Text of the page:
Opioid Use Disorder a Solvable Problem
Newer therapy options can really help, says former House Speaker Newt Gingrich
AOR Advisor Newt Gingrich discusses solutions to the opioid crisis with MedPage Today News Editor Joyce Frieden:
Newt Gingrich, former speaker of the House of Representatives, has long had an interest in brain science mental health issues; in 1996 he worked with then-Sen. Pete Domenici (R-N.M.) to pass a mental health parity law requiring health insurers to cover mental illnesses to the same degree as other illnesses. Gingrich recently co-founded an organization – along with former Rep. Patrick Kennedy (D-R.I.) and CNN commentator Van Jones – to support patients struggling with opioid use disorder. MedPage Today News Editor Joyce Frieden interviewed Gingrich recently about this venture.
JF: What interested you in this subject?
NG: I have had a very long interest in brain science in general and co-chaired with [former] Sen. Bob Kerrey (D-Neb.) a commission on long term care than ran for 3 years, as well as a second 3-year project on Alzheimer’s disease. Then Patrick Kennedy approached me 2 years ago on a project he was working on involving brain science. When he approached and said, “Could we do something on a bipartisan basis about an epidemic that is killing more people annually than automobile wrecks?”, it seemed like something worth paying attention to.
I am now 2/3 of the way through “Dreamland: The True Tale of America’s Opiate Epidemic,” an astonishing book about rise of heroin addiction. It’s a little challenging to read because there is so much material and it is written so well; you find yourself learning so much your brain gets overwhelmed.
JF: What additional treatment options should be available for people struggling with opioid abuse?
NG: Buprenorphine has been around in more traditional forms; one study published in 2002 says it increases the odds of not taking an opioid by 3.5 times. What’s happened in the last 2 years is that they have been introducing an implantable version – you gradually get it over 6 months. That solves the question of compliance, and in addition, it’s not resellable. That’s one of the great concerns out of local law enforcement about buprenorphine – putting something on the market at a time when people should not have access to it.
It also involves less inpatient treatment – in a lot of cases you may need a brief period of detoxing, but in the long run, this involves much more outpatient treatment and much less inpatient.
JF: What else is not well-known about this problem?
NG: One of the points the author of “Dreamland” makes is the degree to which Medicaid was a major enabler of getting the drugs as the addiction process began on the pill side, as opposed to the heroin side. It was fascinating to learn how Medicaid coverage and Medicaid policy led to extraordinary abuse of the whole system. People would “doctor shop;” they would have a $3 copay and all else was paid for by the taxpayer. People were getting treated by five different doctors and the taxpayer was in effect subsidizing their habit, and then they would go out on their own selling the drugs.
Ironically, Medicaid now has very severe restrictions against playing an appropriate role in helping people get off these drugs. I don’t believe the parity bill has been effectively implemented in Medicaid; there is overwhelming evidence of that in state after state. People can’t get to a doctor; the number of people a doctor can [use medication-assisted treatment for] is very limited. If you were implementing the parity bill, you’d never have a cap like that. JF: What is the goal of your foundation, Advocates for Opioid Recovery?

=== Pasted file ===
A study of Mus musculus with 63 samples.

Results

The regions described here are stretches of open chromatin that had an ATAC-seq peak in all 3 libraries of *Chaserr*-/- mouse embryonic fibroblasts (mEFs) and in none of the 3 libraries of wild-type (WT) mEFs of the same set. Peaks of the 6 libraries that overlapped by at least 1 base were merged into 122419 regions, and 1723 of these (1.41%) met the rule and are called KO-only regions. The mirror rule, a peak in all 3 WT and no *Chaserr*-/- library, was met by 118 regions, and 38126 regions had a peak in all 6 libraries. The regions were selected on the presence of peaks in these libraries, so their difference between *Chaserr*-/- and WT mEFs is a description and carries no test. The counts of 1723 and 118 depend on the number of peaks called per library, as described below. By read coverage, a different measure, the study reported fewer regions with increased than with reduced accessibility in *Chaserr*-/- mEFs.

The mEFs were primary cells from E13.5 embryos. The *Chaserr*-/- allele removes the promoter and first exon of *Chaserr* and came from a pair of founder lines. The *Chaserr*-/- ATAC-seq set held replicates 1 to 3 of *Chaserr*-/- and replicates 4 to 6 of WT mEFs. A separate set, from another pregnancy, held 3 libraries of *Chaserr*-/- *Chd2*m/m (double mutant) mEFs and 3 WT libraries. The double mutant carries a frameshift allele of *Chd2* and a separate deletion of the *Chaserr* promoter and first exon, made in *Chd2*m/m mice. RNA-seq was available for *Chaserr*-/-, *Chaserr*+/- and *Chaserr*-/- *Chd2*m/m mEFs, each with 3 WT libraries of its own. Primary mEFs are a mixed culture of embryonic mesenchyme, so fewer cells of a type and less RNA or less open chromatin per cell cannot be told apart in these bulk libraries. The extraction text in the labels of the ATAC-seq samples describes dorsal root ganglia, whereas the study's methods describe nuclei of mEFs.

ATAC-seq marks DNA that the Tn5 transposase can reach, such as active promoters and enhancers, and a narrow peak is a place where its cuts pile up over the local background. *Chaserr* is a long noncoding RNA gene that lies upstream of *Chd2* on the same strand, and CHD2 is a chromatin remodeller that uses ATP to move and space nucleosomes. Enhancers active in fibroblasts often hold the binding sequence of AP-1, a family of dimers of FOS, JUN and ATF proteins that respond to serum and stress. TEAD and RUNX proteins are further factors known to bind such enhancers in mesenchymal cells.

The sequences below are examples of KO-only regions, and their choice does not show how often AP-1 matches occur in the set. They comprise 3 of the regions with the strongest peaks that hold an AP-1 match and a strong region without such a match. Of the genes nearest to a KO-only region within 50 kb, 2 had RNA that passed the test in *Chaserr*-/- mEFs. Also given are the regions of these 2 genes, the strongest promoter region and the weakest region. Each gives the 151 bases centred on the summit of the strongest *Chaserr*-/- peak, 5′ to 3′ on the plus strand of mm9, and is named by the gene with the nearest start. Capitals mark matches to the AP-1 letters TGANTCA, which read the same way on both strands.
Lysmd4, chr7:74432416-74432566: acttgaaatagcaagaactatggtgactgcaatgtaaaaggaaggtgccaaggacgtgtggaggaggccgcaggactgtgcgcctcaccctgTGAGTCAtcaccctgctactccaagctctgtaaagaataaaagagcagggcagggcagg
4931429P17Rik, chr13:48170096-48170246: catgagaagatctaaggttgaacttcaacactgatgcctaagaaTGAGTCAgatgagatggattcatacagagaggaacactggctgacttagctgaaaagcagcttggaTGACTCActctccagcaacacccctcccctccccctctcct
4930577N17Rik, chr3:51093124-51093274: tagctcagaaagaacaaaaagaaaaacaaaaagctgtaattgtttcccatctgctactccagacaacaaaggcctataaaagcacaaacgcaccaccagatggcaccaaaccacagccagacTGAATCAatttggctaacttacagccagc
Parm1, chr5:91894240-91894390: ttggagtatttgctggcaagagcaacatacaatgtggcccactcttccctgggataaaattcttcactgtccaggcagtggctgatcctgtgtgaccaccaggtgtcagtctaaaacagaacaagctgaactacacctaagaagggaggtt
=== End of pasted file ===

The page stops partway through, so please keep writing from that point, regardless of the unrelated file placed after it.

NG: Our biggest goal is to get people to understand that this is a physiological challenge that can be met with a medication response that statistically has a very high likelihood of being effective. We’re raising awareness; we have been commissioning research and hope to have a series of reports coming out.
JF: How do you respond to concerns about patients on buprenorphine possibly having to take it for the rest of their lives?
NG: If you have a substantial population of people who are addicted, you want to find an appropriate medical response to the addiction. Otherwise, you are advocating something that’s medically obsolete – you’d never tolerate that for breast cancer, for example, or kidney disease. As for lifelong treatment, you want to discuss insulin? Or statins? It’s the nature of how we’re learning to respond to certain challenges; you can keep people alive a lot longer, but it does involve intervention.
JF: What are some of the barriers to helping people understand this problem?
NG: I think people are more aware of the problem than they are of the solution. One barrier is that there are a lot more people who are capable of being saved than we understand. Another part of the problem is that people are looking at 1-year budgets, and you don’t have kind of organized effort you have for AIDS, for example. More people are dying of opioid overdoses than from car wrecks, and yet the response from the public has not been as aggressive in demanding that we change behaviors.
JF: Do you have any misgivings about advocating that the government spend more money on this issue?
NG: When I was the Speaker of the House, we balanced the federal budget while doubling the size of the National Institutes of Health. I am very willing to spend money where appropriate, which doesn’t necessarily mean I’m for big government or for waste. This is something that is in the public interest.
Newt Gingrich, PhD, served as Speaker of the House of Representatives from 1994-1998. A former Republican Congressman from Georgia, he was the founder of the Center for Health Transformation, and is a co-founder of Advocates for Opioid Recovery, a non-partisan organization. Gingrich is a Fox News contributor and the author of 27 books.